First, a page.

Folks, I’m more tolerant than most people I know. I no longer run outside and bark at motorcycles when they roar through my quiet neighborhood, rearranging the dishes in my china cabinet. I’ve given up asking restaurant managers to please, for God’s sake, turn down the volume on those piped-in, worn-out Eagles’ songs while I’m trying to have a quiet conversation with my beloved. When a kid repeatedly kicks the back of my seat on a four-hour, crowded plane ride, I refrain from turning around and giving the brat and his indulgent parent the evil eye. (However, I remain a fierce advocate for “adult-only” flights.)
I attribute my restraint to unequal parts maturity and anti-anxiety, serotonin-building pharmaceuticals. Of course, as a child of the early 1970s, I have no trouble artificially adjusting my reality.
But enough about me. Let’s you, me, us, and just about anybody who cares about grammar talk about the misuse of the pronoun “they.”
Here’s where I draw my line in the sand. While serving my 12-year sentence in the crumbling, lead-painted hovels of the Chicago Public School System, I learned all about pronouns. He, she, her, him, and I were singular, applying only to one person easily identified as male or female. They, them, we, and us were plural, applying to a mix of genders, of which last I checked, there remain only two.
Really these were simple concepts, simpler than, say, memorizing the periodic table or dozens of phylums or how to shimmy up a rope in gym class while wearing shorts.
But, alas, in today’s confusing and at times, let’s admit it, fashionable trend du jour of declaring nonbinary gender fluidity, the word “they,” a third-person generic pronoun, is now being used instead of a gender-specific pronoun, or in place of, wait for it, the name one is given on one’s birth certificate. In 2019, the august reference bible Merriam-Webster made the singular gender-neutral use of “they” the Word of the Year. Wonder what word was chosen the year before? “Covfefe?”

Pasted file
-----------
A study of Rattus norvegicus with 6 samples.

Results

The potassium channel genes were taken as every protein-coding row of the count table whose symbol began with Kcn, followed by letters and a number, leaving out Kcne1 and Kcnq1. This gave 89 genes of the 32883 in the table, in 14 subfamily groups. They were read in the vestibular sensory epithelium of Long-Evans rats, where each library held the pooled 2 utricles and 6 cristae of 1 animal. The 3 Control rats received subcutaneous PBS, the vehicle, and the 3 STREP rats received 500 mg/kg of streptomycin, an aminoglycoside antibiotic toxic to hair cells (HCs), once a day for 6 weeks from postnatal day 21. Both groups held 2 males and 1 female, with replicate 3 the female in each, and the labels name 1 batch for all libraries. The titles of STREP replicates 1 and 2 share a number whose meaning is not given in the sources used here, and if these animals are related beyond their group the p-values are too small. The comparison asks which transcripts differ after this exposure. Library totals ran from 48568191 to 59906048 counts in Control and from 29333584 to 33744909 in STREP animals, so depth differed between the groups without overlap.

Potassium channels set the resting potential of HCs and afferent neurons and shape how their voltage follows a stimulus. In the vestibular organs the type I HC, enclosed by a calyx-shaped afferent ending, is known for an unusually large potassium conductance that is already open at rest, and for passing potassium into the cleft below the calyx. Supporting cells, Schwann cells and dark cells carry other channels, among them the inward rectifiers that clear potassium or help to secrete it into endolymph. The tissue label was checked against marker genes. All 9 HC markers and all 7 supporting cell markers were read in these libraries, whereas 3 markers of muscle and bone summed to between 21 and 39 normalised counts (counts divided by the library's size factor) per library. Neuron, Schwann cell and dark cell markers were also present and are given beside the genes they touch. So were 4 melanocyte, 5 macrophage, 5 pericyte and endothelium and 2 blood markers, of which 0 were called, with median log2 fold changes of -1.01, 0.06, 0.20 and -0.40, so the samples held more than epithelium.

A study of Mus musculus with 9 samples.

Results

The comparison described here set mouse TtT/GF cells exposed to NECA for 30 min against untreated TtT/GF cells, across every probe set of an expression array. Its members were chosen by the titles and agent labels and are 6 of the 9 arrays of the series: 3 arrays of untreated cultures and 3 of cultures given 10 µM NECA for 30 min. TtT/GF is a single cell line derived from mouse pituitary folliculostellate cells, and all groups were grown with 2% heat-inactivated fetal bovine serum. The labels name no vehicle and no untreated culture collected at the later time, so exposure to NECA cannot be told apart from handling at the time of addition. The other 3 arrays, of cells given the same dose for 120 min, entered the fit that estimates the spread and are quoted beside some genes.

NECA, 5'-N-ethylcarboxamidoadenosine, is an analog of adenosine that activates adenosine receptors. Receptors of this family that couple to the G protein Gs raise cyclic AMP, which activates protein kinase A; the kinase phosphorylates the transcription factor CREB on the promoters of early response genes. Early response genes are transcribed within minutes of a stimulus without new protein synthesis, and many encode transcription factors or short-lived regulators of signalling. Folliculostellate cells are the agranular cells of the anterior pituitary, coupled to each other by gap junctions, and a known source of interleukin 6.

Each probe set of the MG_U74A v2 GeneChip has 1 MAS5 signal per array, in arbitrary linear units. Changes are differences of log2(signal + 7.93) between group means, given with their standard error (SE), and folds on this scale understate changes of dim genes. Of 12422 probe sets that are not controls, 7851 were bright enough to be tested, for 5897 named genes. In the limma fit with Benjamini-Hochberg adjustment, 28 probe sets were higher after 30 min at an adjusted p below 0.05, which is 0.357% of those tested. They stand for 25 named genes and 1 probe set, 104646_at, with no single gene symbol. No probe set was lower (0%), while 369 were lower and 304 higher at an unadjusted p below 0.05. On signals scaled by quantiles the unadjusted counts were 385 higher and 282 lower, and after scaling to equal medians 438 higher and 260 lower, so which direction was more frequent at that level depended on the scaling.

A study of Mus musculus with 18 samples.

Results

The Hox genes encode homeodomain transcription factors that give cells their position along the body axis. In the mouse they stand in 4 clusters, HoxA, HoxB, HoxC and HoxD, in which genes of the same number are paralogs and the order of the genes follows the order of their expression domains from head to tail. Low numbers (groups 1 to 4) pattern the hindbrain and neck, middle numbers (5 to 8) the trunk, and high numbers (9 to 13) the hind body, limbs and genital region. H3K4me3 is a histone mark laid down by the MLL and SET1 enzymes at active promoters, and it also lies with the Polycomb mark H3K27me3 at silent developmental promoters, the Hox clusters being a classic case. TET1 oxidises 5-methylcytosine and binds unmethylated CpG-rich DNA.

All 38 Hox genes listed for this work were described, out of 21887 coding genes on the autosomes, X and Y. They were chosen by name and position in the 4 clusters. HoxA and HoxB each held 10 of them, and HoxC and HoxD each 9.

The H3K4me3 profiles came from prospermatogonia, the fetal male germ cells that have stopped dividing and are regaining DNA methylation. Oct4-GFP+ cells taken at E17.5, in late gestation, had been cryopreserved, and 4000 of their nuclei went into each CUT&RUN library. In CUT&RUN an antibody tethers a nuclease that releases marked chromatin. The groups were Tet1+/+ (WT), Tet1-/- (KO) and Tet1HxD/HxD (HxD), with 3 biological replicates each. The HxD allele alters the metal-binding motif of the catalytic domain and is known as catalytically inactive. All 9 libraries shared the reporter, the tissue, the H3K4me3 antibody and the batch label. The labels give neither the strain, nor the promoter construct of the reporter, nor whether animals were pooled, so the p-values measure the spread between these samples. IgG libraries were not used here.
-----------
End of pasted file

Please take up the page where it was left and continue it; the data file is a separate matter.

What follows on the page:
It seems as if everyone is jumping aboard this dismal train, destination horrible word usage. For example, the American Psychological Association has endorsed the use of “they” as a singular pronoun in scholarly writing, opening the door for its dozens of writers and readers to be subject to this misappropriation of the English language.
According to the APA’s style guide, “APA advocates for the singular ‘they’ because it is inclusive of all people and helps writers avoid making assumptions about gender.”
I’m all for people coming out as nonbinary. I think it’s refreshing to pull down the traditional barriers of what it means to be male and female. The more inclusive our society can be, the better it is for all, binary or not, and for everyone in between. One size has never fit all.
But must we do so while sacrificing the very foundation of our language? Words matter. This grammatical upheaval cancels everything my seventh grade English teacher in Chicago’s Clinton Elementary School pounded into my distracted young brain. (I’m sorry, Mrs. Lang. It’s not you, it’s them. You did your best, and, by the way, I think I can still diagram sentences.)
So, you might ask, what verb tense should I employ with “they?” Let us again turn to the APA’s style guide for clarification. “When ‘they’ is the subject of a sentence, ‘they’ takes a plural verb regardless of whether ‘they’ is meant to be singular or plural.”
Oh my. Contradiction alert? Let us suppose that the one-who-shall-be-called “they” is an author. They wrote a book, but there is no co-author. So grammatically, if we are referring to a lone writer, how can the verb be plural? Then again, “they writes a book” has all the grace of a 4-year-old with sticky fingers massaging a balloon.
Here are some ideas to get the Earth rotating back on its axis. Let’s substitute “it” for “they.” Would that not be a more appropriate pronoun in describing someone that is non-gender specific? “It ran into a cab in Brooklyn because it was texting its dog sitter who also goes by it. It (the texter, not the dog sitter) is now in surgery, and its friends are hoping it gets better soon. ‘It is what it is,’ said its dad.”
Or, how about using ‘whatever,” as in, “whatever’s research shows that drinking a triple espresso may lead to a sudden onset of atrial fibrillation. Baristas responded dismissively by shrugging and saying, whatever, whatever.”
Finally, here’s a perfectly novel solution to all this pronoun confusion. How about simply using one’s name? Your family will thank you. In fact, they will love you for it.
• Stephen J. Lyons is the author of five books of essays and journalism, including “Going Driftless” and “West of East.”